A US judge has approved one of the biggest corporate settlements on record, Volkswagen's $14.7 billion deal arising from its diesel emissions cheating scandal.

The German car maker also said it would begin buying back polluting cars in mid-November. 

District Judge Charles Breyer in San Francisco signed off on VW's settlement with federal and California regulators and the owners of the 475,000 polluting diesel vehicles.

This marked a pivotal moment for the world's second biggest car maker as it tries to move past a scandal that has engulfed it for more than a year. 

VW admitted in September 2015 to installing secret software in its diesel cars to cheat exhaust emissions tests and make them appear cleaner in testing than they really were. 

In reality, the vehicles emitted up to 40 times the legally allowable pollution levels.

Volkswagen CEO Matthias Mueller told reporters in Berlin that Judge Breyer's approval was "an important milestone for us on the way towards clearing up the problem that we caused some time ago." 

Hinrich Woebcken, president and CEO of Volkswagen Group of America, pledged to carry out the terms "as seamlessly as possible." 

Judge Breyer turned away objections from car owners who thought the settlement did not provide enough money, saying it "adequately and fairly compensates" them. 

Owners will get the pre-scandal "trade in" value of the vehicle and $5,100 to $10,000 in additional compensation.

"Given the risks of prolonged litigation, the immediate settlement of this matter is far preferable," Judge Breyer wrote.

Volkswagen agreed to spend up to $10.033 billion on the buybacks and owner compensation and $4.7 billion on programmes to offset excess emissions and boost clean-vehicle projects. 

The settlement was reached with the US Justice Department, Federal Trade Commission, the state of California and vehicle owners who had filed a class action lawsuit against VW. 

Volkswagen has admitted to misleading regulators and still faces an ongoing criminal investigation. 

It represented the largest civil settlement worldwide ever reached with an car maker accused of misconduct. 

While huge, the approved deal was still smaller than the $246 billion settlement reached by cigarette makers with 46 US states in 1998 and the $53 billion by BP to address costs and penalties arising from the 2010 Gulf of Mexico oil spill. 

In total, Volkswagen has agreed to date to spend up to $16.5 billion in connection with the scandal, including payments to dealers, states and attorneys for owners.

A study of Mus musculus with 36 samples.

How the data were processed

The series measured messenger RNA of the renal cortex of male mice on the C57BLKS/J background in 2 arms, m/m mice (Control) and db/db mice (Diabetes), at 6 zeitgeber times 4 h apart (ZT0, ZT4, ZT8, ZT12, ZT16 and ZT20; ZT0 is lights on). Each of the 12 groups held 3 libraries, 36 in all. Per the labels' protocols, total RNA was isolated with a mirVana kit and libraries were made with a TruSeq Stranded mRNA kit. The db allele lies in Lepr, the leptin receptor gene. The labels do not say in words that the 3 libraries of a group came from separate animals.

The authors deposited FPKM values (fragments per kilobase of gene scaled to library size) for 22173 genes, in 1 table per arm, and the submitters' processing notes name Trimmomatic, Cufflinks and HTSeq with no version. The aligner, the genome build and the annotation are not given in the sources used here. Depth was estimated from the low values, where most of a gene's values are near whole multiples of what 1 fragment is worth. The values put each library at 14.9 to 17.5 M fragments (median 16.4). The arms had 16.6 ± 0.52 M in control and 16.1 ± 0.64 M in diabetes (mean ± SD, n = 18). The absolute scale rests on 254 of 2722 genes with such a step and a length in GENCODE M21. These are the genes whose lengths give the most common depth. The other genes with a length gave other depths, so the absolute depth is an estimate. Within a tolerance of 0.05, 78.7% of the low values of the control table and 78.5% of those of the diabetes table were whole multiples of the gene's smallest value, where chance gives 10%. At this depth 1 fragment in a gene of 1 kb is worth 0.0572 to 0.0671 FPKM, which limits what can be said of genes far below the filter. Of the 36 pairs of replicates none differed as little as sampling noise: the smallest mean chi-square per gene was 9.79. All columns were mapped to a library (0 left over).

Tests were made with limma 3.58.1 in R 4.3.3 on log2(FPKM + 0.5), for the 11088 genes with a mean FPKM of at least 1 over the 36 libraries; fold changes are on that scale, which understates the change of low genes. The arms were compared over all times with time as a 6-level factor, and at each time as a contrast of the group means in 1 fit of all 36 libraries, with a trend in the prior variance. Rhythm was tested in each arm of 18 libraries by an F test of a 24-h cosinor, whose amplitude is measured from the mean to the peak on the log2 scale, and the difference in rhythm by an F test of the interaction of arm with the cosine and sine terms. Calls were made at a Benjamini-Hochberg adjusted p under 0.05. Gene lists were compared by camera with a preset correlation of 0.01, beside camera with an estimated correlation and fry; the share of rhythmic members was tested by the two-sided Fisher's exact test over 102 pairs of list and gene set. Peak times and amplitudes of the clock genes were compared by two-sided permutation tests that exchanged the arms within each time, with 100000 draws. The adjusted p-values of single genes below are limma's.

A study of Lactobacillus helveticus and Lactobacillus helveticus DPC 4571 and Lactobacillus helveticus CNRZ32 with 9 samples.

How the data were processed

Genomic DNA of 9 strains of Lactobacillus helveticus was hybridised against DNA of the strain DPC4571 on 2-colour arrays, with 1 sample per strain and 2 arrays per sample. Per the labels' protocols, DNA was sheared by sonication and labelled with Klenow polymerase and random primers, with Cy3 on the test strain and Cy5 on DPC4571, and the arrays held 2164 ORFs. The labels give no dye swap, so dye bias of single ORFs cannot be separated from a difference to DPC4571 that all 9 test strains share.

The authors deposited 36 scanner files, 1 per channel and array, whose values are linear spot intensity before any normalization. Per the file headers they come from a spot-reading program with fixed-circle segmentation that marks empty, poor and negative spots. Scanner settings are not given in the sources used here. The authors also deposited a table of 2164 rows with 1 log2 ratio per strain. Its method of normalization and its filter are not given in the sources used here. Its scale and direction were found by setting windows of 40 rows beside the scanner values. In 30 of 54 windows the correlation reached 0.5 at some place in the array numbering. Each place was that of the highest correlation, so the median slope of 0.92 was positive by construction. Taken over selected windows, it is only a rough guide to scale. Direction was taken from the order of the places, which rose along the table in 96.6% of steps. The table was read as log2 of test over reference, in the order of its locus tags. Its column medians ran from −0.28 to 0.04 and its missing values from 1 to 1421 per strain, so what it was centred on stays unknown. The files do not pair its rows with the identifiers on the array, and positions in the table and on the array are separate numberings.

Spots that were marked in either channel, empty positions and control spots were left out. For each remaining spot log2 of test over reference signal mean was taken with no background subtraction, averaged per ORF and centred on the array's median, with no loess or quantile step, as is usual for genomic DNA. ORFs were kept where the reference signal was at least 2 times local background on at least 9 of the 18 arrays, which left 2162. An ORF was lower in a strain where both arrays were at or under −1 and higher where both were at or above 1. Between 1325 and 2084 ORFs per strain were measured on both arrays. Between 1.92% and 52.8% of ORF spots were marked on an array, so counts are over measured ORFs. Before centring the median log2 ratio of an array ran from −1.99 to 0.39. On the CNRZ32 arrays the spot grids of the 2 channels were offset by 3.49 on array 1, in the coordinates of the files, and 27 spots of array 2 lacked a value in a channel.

The scandal rattled VW's global business, harmed its reputation and prompted the quitting of its CEO. 

The settlement covers 2.0-litre polluting diesel Beetle, Golf, Jetta, Passat and Audi A3 cars from the 2009 to 2015 model years. 

Up to 490,000 people will take part in the settlement because some vehicles had multiple owners.

Volkswagen spokeswoman Jeannine Ginivan said the company expects to begin buying back vehicles in mid-November. VW has hired 900 people, including one to be stationed at each dealership, to handle buybacks.

VW still faces billions more in costs to address 85,000 polluting 3.0-litre vehicles and Justice Department fines for violating clean air laws. It also faces lawsuits from at least 16 US states for additional claims that could hike the company's overall costs. 

Last month, a Volkswagen engineer pleaded guilty in Detroit to helping the company evade US emission standards. His lawyer said he would co-operate with federal authorities in their criminal probe. 

VW will provide $2 billion over 10 years to fund programmes to promote electric vehicle charging infrastructure, development of zero-emission ride-sharing fleets and other efforts to boost sales of cars that do not burn petroleum. 

The company has been in intensive talks over how much compensation it may offer owners of the larger 3.0-litre diesel Porsche, Audi and Volkswagen vehicles that emit up to nine times legally allowable emissions and whether it will offer buybacks for some of the polluting SUVs. 

No final agreement has been reached. Volkswagen faces a November 3 court hearing to update the court on those vehicles' status. 

Volkswagen has also agreed to make up to $1.21 billion in payments to 652 US VW brand dealers and $600m to 44 US states to address some state claims. 

Nearly 340,000 owners have registered to take part in the settlement. About 3,500 owners have opted out. 

Volkswagen must fix or buy back 85% of the 475,000 vehicles under the agreement by June 2019 or face additional costs.